Respecting the Rule of Law, judicial independence

By T Nguyen 


The Rule of Law requires an independent court system to interpret and apply the law to lawbreakers. On May 5, Dallas County District Judge Eric Moye was faced with adjudicating consequences for this violator and setting an example to deter other lawbreakers. Having judges independent of the executive and legislative branches is key to upholding our democratic society. Without such independence in procedure, political and other unfair strongholds could control various parts of our communities.

When Judge Moye sent Luther to jail, he was upholding the law that was promulgated to protect us Texans and reduce the spread of this potentially deadly novel coronavirus.

As a result, by his judicial authority, Judge Moye sent Luther to jail because the Executive Order expressly allowed jail time as a form of punishment. At the time of his ruling, Judge Moye’s decision fit squarely within the express language of the Governor’s Executive Order allowing jail as a punishment to lawbreakers.

Yet Governor Abbott and Attorney General Ken Paxton criticized Judge Moye for “abusing his discretion.” But then Governor Abbott amended his Executive Order to remove jail as a punishment and made this change effective retroactively. Only after the Executive Order was changed did the Texas Supreme Court issue a temporary order freeing Luther from jail. Public criticism by Governor Abbott and Attorney General Ken Paxton’s of Judge Moye was not the legal impetus that resulted in Luther’s release from jail. Rather, the impetus that freed Luther from jail was Governor Abbott’s retroactive amendment of his Executive Order.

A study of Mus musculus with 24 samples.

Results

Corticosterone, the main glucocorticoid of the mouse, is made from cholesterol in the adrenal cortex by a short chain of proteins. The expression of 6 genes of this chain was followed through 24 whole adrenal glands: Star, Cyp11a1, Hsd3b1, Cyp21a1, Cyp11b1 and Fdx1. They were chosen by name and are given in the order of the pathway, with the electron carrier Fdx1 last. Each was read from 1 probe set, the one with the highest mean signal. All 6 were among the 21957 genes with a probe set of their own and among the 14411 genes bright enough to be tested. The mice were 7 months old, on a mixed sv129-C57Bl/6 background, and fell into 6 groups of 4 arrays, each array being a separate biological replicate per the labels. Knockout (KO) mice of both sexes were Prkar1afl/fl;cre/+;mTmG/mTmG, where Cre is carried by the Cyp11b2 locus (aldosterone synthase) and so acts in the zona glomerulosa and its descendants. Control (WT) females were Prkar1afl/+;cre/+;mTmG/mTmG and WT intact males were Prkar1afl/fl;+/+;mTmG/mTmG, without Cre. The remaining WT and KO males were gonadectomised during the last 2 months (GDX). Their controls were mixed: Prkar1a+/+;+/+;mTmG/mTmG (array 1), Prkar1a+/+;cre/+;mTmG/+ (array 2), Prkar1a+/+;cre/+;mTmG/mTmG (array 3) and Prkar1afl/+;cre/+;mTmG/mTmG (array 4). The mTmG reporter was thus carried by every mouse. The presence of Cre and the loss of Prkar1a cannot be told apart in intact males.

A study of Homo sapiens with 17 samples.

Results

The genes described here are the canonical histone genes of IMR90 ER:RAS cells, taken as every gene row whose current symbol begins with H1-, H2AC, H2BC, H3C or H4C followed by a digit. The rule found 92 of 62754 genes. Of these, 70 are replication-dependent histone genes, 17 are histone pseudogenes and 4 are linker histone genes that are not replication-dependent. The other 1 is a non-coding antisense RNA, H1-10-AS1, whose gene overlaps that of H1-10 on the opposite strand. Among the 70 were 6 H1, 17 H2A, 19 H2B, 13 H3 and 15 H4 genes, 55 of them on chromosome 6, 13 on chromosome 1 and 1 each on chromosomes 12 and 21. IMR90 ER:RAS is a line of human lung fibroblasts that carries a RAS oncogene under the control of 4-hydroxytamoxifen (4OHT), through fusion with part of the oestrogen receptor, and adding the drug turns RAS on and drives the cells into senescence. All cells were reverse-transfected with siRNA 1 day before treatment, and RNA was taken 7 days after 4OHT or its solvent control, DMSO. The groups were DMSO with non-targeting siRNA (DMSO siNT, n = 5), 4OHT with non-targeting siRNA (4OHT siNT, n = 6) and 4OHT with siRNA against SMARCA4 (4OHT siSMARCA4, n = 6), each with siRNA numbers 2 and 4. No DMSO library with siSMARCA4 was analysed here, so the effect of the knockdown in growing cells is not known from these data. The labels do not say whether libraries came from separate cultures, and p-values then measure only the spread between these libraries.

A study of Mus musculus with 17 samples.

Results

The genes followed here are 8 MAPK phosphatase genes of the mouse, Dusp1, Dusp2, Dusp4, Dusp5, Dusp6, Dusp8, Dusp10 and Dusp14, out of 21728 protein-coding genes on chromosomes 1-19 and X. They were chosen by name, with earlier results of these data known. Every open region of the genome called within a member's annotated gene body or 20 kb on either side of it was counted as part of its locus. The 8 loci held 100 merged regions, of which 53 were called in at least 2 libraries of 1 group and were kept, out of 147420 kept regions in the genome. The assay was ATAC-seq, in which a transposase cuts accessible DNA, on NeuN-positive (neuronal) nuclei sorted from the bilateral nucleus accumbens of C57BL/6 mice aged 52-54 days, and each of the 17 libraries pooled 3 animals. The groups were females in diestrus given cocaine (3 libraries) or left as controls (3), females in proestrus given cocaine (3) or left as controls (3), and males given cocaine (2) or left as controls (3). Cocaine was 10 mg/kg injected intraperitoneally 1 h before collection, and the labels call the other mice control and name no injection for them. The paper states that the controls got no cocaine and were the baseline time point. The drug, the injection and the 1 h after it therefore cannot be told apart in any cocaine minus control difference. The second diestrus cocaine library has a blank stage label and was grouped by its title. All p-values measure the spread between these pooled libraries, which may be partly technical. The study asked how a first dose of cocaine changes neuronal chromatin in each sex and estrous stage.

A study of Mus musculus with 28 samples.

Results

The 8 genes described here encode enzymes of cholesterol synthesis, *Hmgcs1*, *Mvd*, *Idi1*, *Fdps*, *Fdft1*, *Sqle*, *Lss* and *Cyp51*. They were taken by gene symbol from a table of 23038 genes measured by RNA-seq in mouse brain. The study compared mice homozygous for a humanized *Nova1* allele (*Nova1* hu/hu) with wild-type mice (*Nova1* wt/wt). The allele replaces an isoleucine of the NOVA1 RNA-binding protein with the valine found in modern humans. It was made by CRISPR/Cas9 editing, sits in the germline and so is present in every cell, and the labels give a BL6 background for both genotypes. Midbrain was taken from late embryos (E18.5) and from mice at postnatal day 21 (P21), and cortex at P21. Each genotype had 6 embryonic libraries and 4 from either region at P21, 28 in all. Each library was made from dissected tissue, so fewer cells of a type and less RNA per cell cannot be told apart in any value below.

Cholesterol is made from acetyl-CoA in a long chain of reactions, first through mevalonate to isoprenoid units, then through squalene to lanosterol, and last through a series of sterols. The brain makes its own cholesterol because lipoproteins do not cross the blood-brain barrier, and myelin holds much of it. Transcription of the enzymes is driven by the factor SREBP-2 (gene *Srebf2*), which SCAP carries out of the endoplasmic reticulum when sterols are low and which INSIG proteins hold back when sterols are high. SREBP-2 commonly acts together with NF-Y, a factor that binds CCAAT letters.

If there had been no intent for lawbreakers to be jailed, specific language to allow jail as a punishment should not have been added or could have been expressly prohibited in Governor Abbott’s COVID-19 Executive Order. Subsequently, Governor Abbott amended the language of his Executive Order to reflect this new intent in the law.

Judge Moye’s decision should not have been the subject of the government’s public rebuke. It is understandable political and economic pressures were mounting to reopen Texas after citizens had been ordered to stay at home for more than six weeks. But if our lawmakers do not first understand the consequences in the laws they enact for all of us citizens to follow for the safety of our community at large, at least, they should take ownership in the part they played when the Rule of Law is applied by our court system.